Does Your Company need New IT Workers to Optimize Performance?
Companies are now hiring UX and service delivery experts to solve the problem of reactive performance management — is this a good practice, or even a necessary one?
It’s no longer enough for IT shops to react to application problems as users report them. The blow to perceived user experience is already dealt, and users — whether they’re customers or employees — are quick to switch to more promising applications. As a result, application performance management is literally becoming a job all unto itself, with many organizations now hiring new senior IT staff to act as internal UX and service delivery experts.
But while it’s certainly vital to maintain a seamless user experience, is it necessary to establish an expensive, entirely new position? As we will argue, it’s also possible to proactively manage application performance and resource usage with the right set of tools, which often makes more logistical and financial sense.
New Service Delivery Roles
TechTarget reports that many IT shops are onboarding new members to move from strictly technical roles — roll out new servers, configure a database, etc. — and into a kind of application consulting. Their goals are to resolve performance and UX issues before they impact users, facilitate dialogue between business stakeholders, and generally help the business hit its services targets; some would call it in-house IT-as-a-service (ITaaS).
“The emerging idea is that IT shouldn’t just deploy hardware or install applications. Instead, IT should provide services to the business whose value can be measured,” says Stephen Bigalow, a Senior Technology Editor at TechTarget. On a practical level, these experts monitor application performance data, track usage patterns, set performance thresholds, and when alerts go off, liaise with developers and try to fix performance bottlenecks before service is disrupted.
One issue, however, is that the level and variety of skill that such a position requires — technical proficiency, business knowledge, customer-facing/sales experience — comes at a potentially significant cost. At some point, the business should determine whether salarying a highly experienced individual provides net value, as there are other alternatives that they may want to consider.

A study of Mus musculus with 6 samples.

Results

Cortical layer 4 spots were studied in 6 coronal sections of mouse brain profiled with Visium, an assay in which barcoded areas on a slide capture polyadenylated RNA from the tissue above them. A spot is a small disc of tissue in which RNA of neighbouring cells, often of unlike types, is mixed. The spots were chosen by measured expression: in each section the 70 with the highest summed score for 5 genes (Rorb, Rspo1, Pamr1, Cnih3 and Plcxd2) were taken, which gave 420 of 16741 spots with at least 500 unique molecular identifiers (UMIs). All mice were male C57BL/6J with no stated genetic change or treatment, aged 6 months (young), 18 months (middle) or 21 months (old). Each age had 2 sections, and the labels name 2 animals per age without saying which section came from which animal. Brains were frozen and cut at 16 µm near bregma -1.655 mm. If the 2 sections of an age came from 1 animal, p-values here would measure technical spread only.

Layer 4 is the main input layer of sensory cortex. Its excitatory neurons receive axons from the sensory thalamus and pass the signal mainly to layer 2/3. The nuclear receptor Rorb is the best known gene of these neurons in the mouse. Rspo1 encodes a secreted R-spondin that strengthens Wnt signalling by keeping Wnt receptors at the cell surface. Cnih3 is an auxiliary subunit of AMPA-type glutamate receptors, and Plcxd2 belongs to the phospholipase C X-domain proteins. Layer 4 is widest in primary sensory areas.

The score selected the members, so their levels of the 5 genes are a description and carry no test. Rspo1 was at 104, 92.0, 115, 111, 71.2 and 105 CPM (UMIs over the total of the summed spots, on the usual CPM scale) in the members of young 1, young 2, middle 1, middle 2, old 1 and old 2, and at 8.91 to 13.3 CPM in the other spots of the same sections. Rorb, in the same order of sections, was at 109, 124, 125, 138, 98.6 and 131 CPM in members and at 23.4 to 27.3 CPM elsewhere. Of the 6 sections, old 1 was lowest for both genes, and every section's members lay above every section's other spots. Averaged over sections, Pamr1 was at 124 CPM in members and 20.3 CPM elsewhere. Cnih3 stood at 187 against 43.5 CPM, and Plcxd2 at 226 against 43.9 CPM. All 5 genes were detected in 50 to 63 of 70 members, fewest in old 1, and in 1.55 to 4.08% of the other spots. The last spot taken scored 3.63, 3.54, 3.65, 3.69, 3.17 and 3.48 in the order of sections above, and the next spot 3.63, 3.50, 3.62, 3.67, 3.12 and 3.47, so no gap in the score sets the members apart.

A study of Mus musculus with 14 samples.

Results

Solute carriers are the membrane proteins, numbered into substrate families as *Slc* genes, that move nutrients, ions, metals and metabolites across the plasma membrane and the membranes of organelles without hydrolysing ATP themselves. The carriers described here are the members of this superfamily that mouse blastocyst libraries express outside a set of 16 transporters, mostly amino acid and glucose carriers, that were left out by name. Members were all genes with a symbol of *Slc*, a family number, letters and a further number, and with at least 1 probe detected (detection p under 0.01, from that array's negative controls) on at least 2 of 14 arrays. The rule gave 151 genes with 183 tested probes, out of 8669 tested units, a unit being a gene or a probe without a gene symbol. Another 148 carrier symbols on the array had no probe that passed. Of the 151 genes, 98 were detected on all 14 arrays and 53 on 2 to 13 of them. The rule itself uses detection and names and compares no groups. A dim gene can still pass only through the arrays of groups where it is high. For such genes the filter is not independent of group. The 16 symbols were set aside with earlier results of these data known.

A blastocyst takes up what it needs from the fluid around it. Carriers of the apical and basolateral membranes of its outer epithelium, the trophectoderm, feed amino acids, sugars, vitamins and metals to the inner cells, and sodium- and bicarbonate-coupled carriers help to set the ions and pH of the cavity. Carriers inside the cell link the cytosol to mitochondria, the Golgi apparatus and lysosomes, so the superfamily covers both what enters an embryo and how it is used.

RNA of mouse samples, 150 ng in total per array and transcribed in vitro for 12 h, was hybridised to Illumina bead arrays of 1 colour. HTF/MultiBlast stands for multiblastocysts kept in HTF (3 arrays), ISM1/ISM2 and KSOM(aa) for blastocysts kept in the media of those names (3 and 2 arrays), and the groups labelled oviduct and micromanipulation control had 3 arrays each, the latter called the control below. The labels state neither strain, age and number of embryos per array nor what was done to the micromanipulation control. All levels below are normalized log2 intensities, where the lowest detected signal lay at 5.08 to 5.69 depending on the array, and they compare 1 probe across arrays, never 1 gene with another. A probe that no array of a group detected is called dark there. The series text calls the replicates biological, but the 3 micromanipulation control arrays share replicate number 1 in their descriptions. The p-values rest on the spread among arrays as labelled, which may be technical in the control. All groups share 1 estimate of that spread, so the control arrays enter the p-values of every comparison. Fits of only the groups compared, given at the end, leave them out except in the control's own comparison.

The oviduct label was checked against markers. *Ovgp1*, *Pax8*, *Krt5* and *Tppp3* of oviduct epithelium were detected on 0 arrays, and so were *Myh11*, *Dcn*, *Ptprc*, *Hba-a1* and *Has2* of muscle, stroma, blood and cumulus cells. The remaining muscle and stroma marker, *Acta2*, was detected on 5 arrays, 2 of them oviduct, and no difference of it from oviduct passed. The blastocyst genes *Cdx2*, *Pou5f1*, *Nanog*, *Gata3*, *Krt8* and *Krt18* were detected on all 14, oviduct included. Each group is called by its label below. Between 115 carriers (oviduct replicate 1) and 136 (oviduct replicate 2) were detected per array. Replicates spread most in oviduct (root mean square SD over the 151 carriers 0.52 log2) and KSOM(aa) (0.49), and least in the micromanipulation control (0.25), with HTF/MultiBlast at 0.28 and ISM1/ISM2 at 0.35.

The Benefit of Robust Tools
The fact is that in many cases it’s entirely possible to achieve the same level of application performance management without creating an expensive new position. Many of the process-side factors that an expert would need to account for, such as usage trends and resource management, can largely be automated by sophisticated performance management tools.
For example, TeamQuest’s Vityl suite of products conduct automated analysis of both historical and real-time application performance, letting an IT professional know precisely where performance issues are likely to occur, as well as how to best allocate resources in order to prevent them. This saves IT a considerable amount of time that would otherwise be spent problem solving and forecasting, and allows them to refocus their efforts on performance-affecting issues.
Additionally, with our Vityl Dashboard, team members can easily communicate ongoing progress to decision makers — all possible with the skillset and headcount of the standard IT shop.
There are many situations in IT in which it pays to have a top-level professional at the helm. But when expensive skillsets can be easily automated with performance management tools, generating comparable outcomes, it might make sense for many organizations to save that capital for another use — say, investing in a new application feature that will deliver the best possible experience to flighty customers.